An article titled “We must save Singapore Airlines (SIA) from this existential crisis” published by CNA on Thursday (24 September) has sparked critical responses from the netizens, with many critical of the author’s call to help the airlines.
In the op-ed, National University of Singapore (NUS) Business School Associate Professor Nitin Pangarkar detailed how the COVID-19 pandemic has launched SIA into “an existential crisis” presently “like no other in its illustrious history”.
“The last few months have not been kind to airlines. Lacking domestic traffic, Singapore Airlines (SIA) has suffered more than others,” he wrote.
SIA has implemented “mitigation measures” including slashing down 96 per cent of its fleet during the COVID-19 outbreak, embarking on a large-scale retrenchment process and pay cuts for its board of directors and top management.
In May, SIA recorded its first annual net loss in its history of nearly five decades as the company reported a S$1.12 billion net loss for its first-quarter performance.
Earlier in March, SIA announced that it was slashing 96 per cent of the capacity that had been scheduled until the end of the April this year.
The full-service carrier is now expected to operate below 50 per cent of its capacity at the end of this financial year.
SIA also secured funding of nearly S$19 billion from sovereign wealth fund Temasek Holdings in March.
Temasek, SIA’s majority shareholder, indicated that it would underwrite the sale of shares and convertible bonds for up to S$15 billion.
The rights issue will be offered at S$3 per share, a 53.8 per cent discount to SIA’s last traded price of S$6.50.
Temasek International chief executive Dilhan Pillay Sandrasegara said that the bailout “will not only tide SIA over a short term financial liquidity challenge but will position it for growth beyond the pandemic”.
Many airlines around the world, particularly national carriers, pointed Assoc Prof Nitin in his op-ed, “have been artificially propped up, sometimes for decades, by their home governments for supposed strategic reasons”.
“But SIA doesn’t fall into this category of perpetual money-losing airlines and deserves to be supported for many reasons beyond the several thousand direct jobs it creates in Singapore and elsewhere,” he remarked.
“Should the Singapore Government continue to support SIA if the crisis drags on for years – whether through wage support and other subsidies? Is it throwing good money after bad money?” He questioned.
Given that these are unprecedented times, Assoc Prof Nitin posited that the problems which are environment-related and not airline-specific “should not distract Singapore from the need to support its national carrier through this temporary turbulence”.
Many netizens made critical comments on the Facebook page of CNA, saying that the directors and management of SIA earning million-dollar salaries from the airline’s profitable years should manage their internal crisis first before asking for help.
They said that the management should “fork out their money” or “donate back some money” to save the airlines instead of asking help from the people “who are earning so little”.
SIA chief executive Goh Choon Phong said in February that his “management team will take the lead with a salary cut effective 1 March 2020”.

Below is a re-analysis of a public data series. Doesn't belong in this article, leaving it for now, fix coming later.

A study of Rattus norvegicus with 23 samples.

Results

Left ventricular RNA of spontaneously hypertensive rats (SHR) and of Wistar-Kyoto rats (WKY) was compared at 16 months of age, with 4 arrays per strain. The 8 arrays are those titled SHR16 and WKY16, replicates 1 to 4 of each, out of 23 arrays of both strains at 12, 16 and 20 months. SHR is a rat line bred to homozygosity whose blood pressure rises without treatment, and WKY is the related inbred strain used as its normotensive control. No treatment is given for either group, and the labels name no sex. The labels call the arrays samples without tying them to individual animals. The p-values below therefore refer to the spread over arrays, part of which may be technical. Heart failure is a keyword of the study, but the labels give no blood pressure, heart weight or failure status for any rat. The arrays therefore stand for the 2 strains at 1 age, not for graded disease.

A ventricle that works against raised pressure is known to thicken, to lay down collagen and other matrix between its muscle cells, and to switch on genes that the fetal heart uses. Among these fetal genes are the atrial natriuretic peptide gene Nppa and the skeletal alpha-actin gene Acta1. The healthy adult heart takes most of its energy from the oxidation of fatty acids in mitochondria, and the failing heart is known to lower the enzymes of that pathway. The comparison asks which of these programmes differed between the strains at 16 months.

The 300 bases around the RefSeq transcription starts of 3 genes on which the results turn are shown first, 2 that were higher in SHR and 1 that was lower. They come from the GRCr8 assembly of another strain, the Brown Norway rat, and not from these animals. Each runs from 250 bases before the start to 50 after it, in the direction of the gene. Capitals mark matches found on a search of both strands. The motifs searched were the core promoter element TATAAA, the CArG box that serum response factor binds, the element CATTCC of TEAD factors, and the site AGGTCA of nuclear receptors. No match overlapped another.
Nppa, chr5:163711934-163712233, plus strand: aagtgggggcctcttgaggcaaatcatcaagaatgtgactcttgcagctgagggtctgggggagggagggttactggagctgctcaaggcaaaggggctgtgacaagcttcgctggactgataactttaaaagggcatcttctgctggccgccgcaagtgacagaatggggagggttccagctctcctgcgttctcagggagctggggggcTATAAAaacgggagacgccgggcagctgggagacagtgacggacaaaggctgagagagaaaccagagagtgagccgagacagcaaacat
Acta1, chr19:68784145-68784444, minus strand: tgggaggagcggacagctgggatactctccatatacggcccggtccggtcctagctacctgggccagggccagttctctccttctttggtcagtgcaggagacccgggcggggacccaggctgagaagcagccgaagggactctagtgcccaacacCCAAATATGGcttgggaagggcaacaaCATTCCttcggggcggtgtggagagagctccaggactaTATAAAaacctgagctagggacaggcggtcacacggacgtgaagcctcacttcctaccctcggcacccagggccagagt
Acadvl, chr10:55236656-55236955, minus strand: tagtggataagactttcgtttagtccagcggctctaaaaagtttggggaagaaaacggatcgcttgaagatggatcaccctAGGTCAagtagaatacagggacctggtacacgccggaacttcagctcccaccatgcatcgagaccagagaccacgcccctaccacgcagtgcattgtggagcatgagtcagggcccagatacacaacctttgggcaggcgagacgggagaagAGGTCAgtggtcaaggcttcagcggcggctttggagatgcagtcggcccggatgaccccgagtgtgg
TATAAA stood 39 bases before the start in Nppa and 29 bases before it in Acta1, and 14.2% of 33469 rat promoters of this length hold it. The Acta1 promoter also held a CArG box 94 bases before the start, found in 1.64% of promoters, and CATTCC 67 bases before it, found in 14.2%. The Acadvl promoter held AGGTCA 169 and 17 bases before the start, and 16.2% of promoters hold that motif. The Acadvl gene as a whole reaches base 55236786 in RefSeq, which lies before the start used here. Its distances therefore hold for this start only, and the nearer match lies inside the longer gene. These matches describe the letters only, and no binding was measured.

“I will take a 15 per cent cut in my salary, the executive vice-presidents will take a 12 per cent cut, and the senior vice-presidents 10 per cent,” he said.
“The SIA board of directors have also decided to take a 15 per cent cut in their fees effective 1 March 2020 to show solidarity with the management and all staff,” Mr Goh added.
According to SIA’s Annual Report for the financial year 2018/19, while Mr Goh draws an annual salary of S$1.4 million, his total package amounted to some S$5.5 million in the last financial year after including bonuses, shares and benefits.
Netizens commenting on Assoc Prof Nitin’s op-ed said that if those who “made millions” are incapable of saving the airline, then “it’s better to close it”.
They added that “ordinary citizens” are not capable of offering financial support as it is beyond their financial reach.
A few netizens questioned why the people should help the airlines this time as SIA did not offer discounts on flight tickets when it was “flying high”.
Several netizens said in jest that Ministers can donate half of their “high-paid salaries” to rescue the airlines from the crisis.
“We have 4G Ministers who will save the day. Small people like us have to save our own family,” a netizen wrote.
A few netizens suggested that the Government can nationalise the airlines to help them from the crisis, rather than using taxpayers’ money on a private company to benefit the shareholders.
Several netizens, however, opined that the SIA is not the only one who affected by this pandemic, but other industries, as well such as travel sectors and local small and medium enterprise (SMEs).
If they focus on helping SIA, then “who will save the poor who are losing their jobs?” said one netizen.
“To be fair, this storm hasn’t been kind to anyone too,” another netizen wrote.
Supporting the call to help SIA, other netizens, however, expressed different viewpoints, saying that many future jobs would be lost and the multiplier effect will be created if the SIA is unable to tide through the crisis.
“If SIA not saved, more jobs in other sectors will be lost. Cause and effect,” they said.